Why Swedes are in a huff about a giant penis on TV

Emma Löfgren
Emma Löfgren - [email protected]
Why Swedes are in a huff about a giant penis on TV
An screenshot of the Fråga Doktorn show. Photo: SVT

Swedish public television has been forced to apologize after it broadcast digitally constructed images of a man and woman who were rather more, er, well-equipped, than your average Swede.


Public broadcaster SVT backtracked this week over a controversy sparked by its health show 'Fråga Doktorn' ('ask the doctor'), after it chose to illustrate a viewer's question about vitamin-B12 deficiency by showing an image of a woman without pubic hair but with really big breasts.

"What the heck does a nude female body with silicone implants and what looks like erect nipples and hairless sex which looked like that of a child, to do with B12 deficiency? Shame, SVT!" wrote one Swede who joined a chorus of angry viewers hitting out on Facebook after Monday's show.

The controversy followed two months after the show used an image of a male body to illustrate an inguinal hernia. But it was a different protusion entirely that captured readers' attention, who took to social media to blast his "27 centimetre long thing" as "completely unrealistic".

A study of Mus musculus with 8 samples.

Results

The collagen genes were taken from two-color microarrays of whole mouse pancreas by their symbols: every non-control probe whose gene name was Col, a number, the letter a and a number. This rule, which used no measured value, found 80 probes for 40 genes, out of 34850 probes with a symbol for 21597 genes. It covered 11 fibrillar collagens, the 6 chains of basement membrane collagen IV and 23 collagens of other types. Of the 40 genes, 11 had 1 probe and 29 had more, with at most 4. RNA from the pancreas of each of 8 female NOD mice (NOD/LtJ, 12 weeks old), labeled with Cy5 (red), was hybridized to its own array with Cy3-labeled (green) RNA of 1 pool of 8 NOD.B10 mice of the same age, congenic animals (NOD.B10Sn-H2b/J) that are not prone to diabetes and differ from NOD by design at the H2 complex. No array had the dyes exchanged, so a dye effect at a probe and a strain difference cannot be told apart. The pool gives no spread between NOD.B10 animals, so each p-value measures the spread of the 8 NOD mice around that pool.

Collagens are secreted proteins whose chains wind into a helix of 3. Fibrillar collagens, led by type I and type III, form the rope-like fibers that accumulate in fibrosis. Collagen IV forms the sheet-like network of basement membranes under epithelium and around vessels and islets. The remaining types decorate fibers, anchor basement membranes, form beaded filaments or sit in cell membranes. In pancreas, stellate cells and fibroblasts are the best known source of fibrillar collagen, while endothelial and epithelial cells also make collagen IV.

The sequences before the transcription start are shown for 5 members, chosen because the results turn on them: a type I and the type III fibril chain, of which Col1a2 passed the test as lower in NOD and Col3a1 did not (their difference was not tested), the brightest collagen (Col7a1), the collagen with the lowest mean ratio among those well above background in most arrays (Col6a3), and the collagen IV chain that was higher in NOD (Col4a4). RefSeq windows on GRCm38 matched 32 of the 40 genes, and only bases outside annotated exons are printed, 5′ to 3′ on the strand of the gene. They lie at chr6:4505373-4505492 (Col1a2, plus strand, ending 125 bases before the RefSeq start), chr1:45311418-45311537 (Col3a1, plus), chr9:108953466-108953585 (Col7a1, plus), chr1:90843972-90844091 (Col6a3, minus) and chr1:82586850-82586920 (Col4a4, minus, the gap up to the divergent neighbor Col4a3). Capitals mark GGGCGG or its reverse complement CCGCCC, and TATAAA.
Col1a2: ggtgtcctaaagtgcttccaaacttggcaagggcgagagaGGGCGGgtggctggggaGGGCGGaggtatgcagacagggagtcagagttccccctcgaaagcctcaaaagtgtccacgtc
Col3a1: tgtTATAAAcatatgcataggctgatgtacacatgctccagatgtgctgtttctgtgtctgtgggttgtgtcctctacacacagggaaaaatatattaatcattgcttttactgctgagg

An screenshot of the Fråga Doktorn show. Photo: SVT

It got so bad that SVT apologized and promised never to use the same naked full-body images again.

"You are quite right in your criticism. We have not been happy with the graphics ourselves and have now made the decision to not use it for the next season. Hope that your confidence in us is not too tarnished and that you continue to watch the show," wrote SVT in a Facebook statement.

Meanwhile SVT programme head Bengt Strömbro said that they had meant to use the images only to make the human anatomy clear to viewers and show where the different body parts are located.

"After the debate about the 3D animated pictures of a naked woman and a naked man, which some of our readers have found controversial, we have decided to use other pictures of full bodies in the future," he told The Local.

"Our assessment is that they get in the way and take focus away from informing about medical conditions, which is the programme's core mission. The images are a small part of a larger 3D graphic package which shows the human anatomy broken down to organ level."

The Local is unable to publish the uncensored versions of the pictures, but readers who want to investigate for themselves can find them here. Maybe best not to click on the link while at you're at work though!